Will The Fed Go Ahead?


  • Date: 09/09/2015

We could be only days away from one of the most significant policy changes in a while.

For the mighty US may change its interest rate policy at the next FOMC (Federal Open Markets Committee) meeting on September 16 & 17.

This will be a big, not to say momentous, decision.

The US has maintained a ‘ZIRP’ (Zero Interest Rate Policy, or near zero rate – the upper bound of the target rate is actually 0.25%) since March 2009, in an effort to dig the economy out of its hole, promote growth and increase lending throughout the economy.

ZIRP did not prove to be enough in itself, and the Federal Reserve had to supplement this with ‘unconventional’ monetary policy, or ‘quantitative easing’.

The first bout came in September 2008 when the investment bank Lehman Brothers went bust.

The second came in November 2010, after signs of economic deterioration and declining inflation that summer.

The final bout, QE3 or ‘QE Infinity’ (so called because it didn’t have a cap applied when announced), came in September 2012. This lasted until February 2014, when the Fed began to ‘taper’, or curtail its bond buying programme on a month by month basis. There has thus been no ‘unconventional’ policy since October 2014.

A lot hangs in the balance, and many questions remain not just unanswered, but unanswerable.

Are we finally at the end of the period of ultra low interest rates?

Will this be the first in a series of rises, or will it be a tentative, one-off move followed by a ‘wait and see’ period of consolidation?

Will the Fed actually go ahead with a rise (even though it has fully prepared the market for one)? After all, the Fed surprised in September 2013 when it didn’t ‘taper’ as expected. 

What impact will a rate rise have on the US Dollar, already strong, and on emerging market economies? These have been seeing capital outflows for some years, and are potentially vulnerable given they have borrowed extensively in US Dollars.

What will be the impact on the bond market, where a huge amount of issuance has taken place at low coupons, which will begin to look distinctively unappealing if short term rates move higher?

To what extent is a rise in interest rates already factored into bond prices?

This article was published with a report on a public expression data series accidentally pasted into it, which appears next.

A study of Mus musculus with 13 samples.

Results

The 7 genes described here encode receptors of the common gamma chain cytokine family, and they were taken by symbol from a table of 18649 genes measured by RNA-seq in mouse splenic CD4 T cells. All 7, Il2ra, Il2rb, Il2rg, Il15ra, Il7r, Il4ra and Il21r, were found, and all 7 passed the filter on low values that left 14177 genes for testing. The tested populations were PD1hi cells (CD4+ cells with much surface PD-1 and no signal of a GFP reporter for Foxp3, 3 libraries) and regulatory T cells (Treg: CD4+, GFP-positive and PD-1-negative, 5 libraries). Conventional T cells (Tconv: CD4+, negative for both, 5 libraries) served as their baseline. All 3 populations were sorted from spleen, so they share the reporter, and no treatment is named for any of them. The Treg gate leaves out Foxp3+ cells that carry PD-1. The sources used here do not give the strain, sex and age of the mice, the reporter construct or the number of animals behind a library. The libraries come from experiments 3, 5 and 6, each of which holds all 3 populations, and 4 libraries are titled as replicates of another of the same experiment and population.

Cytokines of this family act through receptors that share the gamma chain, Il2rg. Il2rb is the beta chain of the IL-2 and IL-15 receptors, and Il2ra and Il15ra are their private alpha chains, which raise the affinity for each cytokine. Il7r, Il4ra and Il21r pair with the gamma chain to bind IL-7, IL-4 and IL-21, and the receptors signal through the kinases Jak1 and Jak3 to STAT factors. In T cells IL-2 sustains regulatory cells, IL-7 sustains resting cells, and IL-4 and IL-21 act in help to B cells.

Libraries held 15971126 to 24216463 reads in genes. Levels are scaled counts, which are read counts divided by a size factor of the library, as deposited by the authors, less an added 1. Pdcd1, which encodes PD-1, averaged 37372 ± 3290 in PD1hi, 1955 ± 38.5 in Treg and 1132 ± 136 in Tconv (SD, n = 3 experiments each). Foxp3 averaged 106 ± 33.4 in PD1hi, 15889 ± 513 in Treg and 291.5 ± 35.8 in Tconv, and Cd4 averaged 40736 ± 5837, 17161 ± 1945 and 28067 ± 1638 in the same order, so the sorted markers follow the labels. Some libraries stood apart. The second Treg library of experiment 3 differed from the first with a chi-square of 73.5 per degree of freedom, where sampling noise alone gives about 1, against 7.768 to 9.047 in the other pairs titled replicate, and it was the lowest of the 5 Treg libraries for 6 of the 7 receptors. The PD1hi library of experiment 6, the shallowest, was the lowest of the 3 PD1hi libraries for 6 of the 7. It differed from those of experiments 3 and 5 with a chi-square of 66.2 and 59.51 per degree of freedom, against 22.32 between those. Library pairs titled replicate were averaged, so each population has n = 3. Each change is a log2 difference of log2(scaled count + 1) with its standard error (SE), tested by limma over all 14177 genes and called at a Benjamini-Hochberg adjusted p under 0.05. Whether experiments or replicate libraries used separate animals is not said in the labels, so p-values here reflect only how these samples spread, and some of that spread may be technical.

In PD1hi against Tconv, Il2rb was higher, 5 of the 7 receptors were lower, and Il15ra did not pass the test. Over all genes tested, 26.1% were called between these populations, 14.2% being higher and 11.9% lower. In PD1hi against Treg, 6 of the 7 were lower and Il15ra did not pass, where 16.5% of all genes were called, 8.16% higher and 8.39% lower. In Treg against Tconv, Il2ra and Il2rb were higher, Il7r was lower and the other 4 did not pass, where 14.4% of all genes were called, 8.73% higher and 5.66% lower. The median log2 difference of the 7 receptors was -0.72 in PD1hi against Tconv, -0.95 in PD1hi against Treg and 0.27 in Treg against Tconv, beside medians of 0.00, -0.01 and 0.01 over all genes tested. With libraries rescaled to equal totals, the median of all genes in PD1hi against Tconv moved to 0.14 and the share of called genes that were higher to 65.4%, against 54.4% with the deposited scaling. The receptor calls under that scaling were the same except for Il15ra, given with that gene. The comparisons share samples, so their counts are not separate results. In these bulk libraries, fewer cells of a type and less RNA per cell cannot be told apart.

What is the interest rate sensitivity of the economy in the developed world? Is it roughly what it was before the financial crisis (when a single 0.25% rise would have had little impact), or is it higher – given higher debt levels, and the fact that we have all grown used to ultra low interest rates over the last seven years?

The Financial Times recently ran a piece entitled ‘End of the Bond Bull Run’, which is an indication of what is at stake.

A steep hiking cycle, with interest rates moving up more rapidly than is currently assumed, would badly upset not just bond markets but equity markets too – and markets well beyond those of the US itself.

Clearly, the Federal Reserve isn’t going to raise rates if it will jeopardise the recovery. But there is the danger of ‘policy error’, where central bankers overestimate the strength and nature of the recovery, and likelihood of inflation picking up in the future.

Plenty of other developed economy central banks increased policy rates between 2009-2011, only to reverse the increases in the last year or so as recovery has disappointed: Canada, Australia, Sweden, Israel.

The Fed would look pretty silly if it hiked in the next few months, and was then forced to take the rate rise out in the year’s time, or even introduce further QE, as the economy stagnated once again.

This would just confirm the fears and doubts of the ‘secular stagnation’ camp, who argue that the factors that contributed to the strong growth in the post-war period have disappeared, and would likely harm investment decisions.

The issue is more complicated given we now live in a globalised world. It may sound ridiculous, but the US can’t base its decision solely on the US economy.

Commodity markets are in a savage bear market. It’s not difficult to see a number of emerging economies in severe distress if this continues. If tightening is going to cause a financial crisis in Brazil, Russia, or even China, is there any point if the US economy is only growing modestly above trend?

There is no doubt that we are at an interesting juncture.

Author: James Penn, Senior Portfolio Manager

The opinions stated are those of the author and should not be taken as investment advice.  Any recommendations may not be suitable for all, so please contact your financial adviser for further guidance.  The value of investments can go down as well as up.